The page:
When learning about generalized arrows, a question arised to me: Are there any languages (or potential languages) that lack one or more of the structural rules: contraction, weakeing and exchange?
Under Curry-Howard isomorphism, these rules, used frequently in logic, map into programming concepts. If we denote $A, B, C \vdash D$ a program (corresponding to a natural deduction proof) that computes a value of type $D$ from inputs of types $A$, $B$ and $C$, we get:
Contraction: $\Gamma, A, A\vdash B$ can be transformed into $\Gamma, A\vdash B$.
That is, a single input can be used twice.
Weakening: $\Gamma\vdash B$ can be transformed into $\Gamma, A\vdash B$.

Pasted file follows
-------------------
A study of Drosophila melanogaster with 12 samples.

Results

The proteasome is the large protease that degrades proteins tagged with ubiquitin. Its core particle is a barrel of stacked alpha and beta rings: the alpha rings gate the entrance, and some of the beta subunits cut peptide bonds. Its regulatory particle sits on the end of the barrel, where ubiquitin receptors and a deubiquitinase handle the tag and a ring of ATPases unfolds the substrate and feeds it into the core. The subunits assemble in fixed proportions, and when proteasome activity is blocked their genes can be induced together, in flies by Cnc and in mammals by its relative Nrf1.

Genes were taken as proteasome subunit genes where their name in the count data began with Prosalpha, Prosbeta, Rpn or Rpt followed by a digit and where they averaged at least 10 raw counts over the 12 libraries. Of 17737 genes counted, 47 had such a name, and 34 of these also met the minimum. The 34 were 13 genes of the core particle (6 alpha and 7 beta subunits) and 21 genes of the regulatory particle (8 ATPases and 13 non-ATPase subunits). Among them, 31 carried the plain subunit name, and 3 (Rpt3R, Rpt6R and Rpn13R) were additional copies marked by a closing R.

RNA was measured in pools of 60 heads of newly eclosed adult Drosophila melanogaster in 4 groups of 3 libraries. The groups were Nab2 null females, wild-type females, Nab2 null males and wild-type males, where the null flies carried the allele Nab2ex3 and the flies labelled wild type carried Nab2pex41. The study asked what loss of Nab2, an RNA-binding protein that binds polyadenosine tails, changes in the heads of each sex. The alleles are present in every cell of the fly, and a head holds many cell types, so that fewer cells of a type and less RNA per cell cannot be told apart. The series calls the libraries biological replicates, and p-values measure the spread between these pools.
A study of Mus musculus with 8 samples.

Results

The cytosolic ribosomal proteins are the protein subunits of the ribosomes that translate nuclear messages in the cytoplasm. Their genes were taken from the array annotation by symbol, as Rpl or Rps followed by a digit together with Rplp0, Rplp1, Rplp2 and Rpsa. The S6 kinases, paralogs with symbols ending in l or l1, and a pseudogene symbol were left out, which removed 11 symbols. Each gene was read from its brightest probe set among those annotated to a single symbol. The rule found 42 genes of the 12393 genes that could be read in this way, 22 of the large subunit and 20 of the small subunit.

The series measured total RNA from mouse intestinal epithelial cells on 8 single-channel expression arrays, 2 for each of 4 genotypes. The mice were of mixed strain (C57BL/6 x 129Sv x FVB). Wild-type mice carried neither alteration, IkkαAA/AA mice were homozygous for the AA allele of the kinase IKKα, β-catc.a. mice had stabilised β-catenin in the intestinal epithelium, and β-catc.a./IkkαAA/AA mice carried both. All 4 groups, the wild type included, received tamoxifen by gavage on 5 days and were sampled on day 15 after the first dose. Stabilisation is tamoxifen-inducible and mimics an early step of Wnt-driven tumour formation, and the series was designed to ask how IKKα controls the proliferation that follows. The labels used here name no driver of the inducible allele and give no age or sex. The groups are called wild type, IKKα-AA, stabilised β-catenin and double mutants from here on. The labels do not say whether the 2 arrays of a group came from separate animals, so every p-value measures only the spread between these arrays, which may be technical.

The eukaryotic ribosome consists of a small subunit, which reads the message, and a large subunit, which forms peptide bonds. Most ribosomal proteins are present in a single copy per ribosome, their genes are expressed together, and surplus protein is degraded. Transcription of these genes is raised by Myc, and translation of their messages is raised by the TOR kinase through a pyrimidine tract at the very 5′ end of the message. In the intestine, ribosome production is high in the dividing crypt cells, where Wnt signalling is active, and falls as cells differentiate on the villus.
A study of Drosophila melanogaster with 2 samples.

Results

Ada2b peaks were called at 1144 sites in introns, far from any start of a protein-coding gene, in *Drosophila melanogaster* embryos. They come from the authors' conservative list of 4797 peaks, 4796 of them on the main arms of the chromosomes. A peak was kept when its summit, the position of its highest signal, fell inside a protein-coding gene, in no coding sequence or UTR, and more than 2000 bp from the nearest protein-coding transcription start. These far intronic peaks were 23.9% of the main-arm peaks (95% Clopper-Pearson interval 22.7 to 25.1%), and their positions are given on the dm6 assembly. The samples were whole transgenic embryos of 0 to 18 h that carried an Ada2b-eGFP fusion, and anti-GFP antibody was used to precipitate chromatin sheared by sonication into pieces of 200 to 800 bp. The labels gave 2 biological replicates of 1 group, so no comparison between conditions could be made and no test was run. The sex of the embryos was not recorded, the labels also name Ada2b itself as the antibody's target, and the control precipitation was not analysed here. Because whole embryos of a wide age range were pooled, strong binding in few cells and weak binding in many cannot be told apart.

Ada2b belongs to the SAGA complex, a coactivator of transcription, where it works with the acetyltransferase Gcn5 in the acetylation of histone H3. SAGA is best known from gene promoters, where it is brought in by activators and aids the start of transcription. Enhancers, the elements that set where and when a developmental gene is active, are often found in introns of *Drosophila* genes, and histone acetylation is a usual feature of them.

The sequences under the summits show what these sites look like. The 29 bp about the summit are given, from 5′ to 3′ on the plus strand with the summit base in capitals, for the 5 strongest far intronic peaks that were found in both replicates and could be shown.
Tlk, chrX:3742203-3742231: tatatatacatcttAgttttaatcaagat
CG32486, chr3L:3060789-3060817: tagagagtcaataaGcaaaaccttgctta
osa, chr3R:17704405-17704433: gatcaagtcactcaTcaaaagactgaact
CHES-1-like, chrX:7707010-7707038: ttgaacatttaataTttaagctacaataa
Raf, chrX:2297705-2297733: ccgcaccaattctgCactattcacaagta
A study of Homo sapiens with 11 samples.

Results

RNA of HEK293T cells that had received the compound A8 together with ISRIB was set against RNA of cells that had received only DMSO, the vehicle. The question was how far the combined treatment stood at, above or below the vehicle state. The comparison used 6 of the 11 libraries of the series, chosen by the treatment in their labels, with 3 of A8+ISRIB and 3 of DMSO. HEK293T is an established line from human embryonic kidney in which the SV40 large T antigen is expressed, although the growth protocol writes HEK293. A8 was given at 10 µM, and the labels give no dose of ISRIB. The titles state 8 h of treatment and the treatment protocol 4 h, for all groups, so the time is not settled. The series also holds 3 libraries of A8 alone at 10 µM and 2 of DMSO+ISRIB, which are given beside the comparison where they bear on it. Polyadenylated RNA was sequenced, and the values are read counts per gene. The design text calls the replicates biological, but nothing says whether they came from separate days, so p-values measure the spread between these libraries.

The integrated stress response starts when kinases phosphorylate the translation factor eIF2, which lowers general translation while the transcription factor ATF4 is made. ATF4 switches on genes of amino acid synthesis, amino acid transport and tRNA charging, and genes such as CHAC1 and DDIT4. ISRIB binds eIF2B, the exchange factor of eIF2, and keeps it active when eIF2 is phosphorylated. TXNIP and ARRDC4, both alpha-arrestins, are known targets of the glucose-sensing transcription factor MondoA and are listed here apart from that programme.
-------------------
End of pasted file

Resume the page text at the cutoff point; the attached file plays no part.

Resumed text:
That is, it's possible to add arbitrary, unused inputs.
Exchange: $\Gamma_1, A, B, \Gamma_2 \vdash C$ can be transformed into $\Gamma_1, B, A, \Gamma_2 \vdash C$.
That is, the order of inputs doesn't matter.
An example for language lacking contraction would be quantum computing. There the allowed operations can be described with unitary matrices, and duplicating a value can't be expressed as such.
It also seems to me that weakening isn't an admissible rule for quantum computing, at least in the above form, as we can't forget a value with a unitary matrix. But we could have a weaker rule such as $\Gamma\vdash B$ can be transformed into $\Gamma, A\vdash A\otimes B$, and the $A$ in the output can be dropped when extracting the results of such a computation.
The exchange rule is clearly permissible in quantum computing.
Are there any other examples, in particular a language that doesn't allow exchange, or where weakening isn't allowed even in such a weaker form?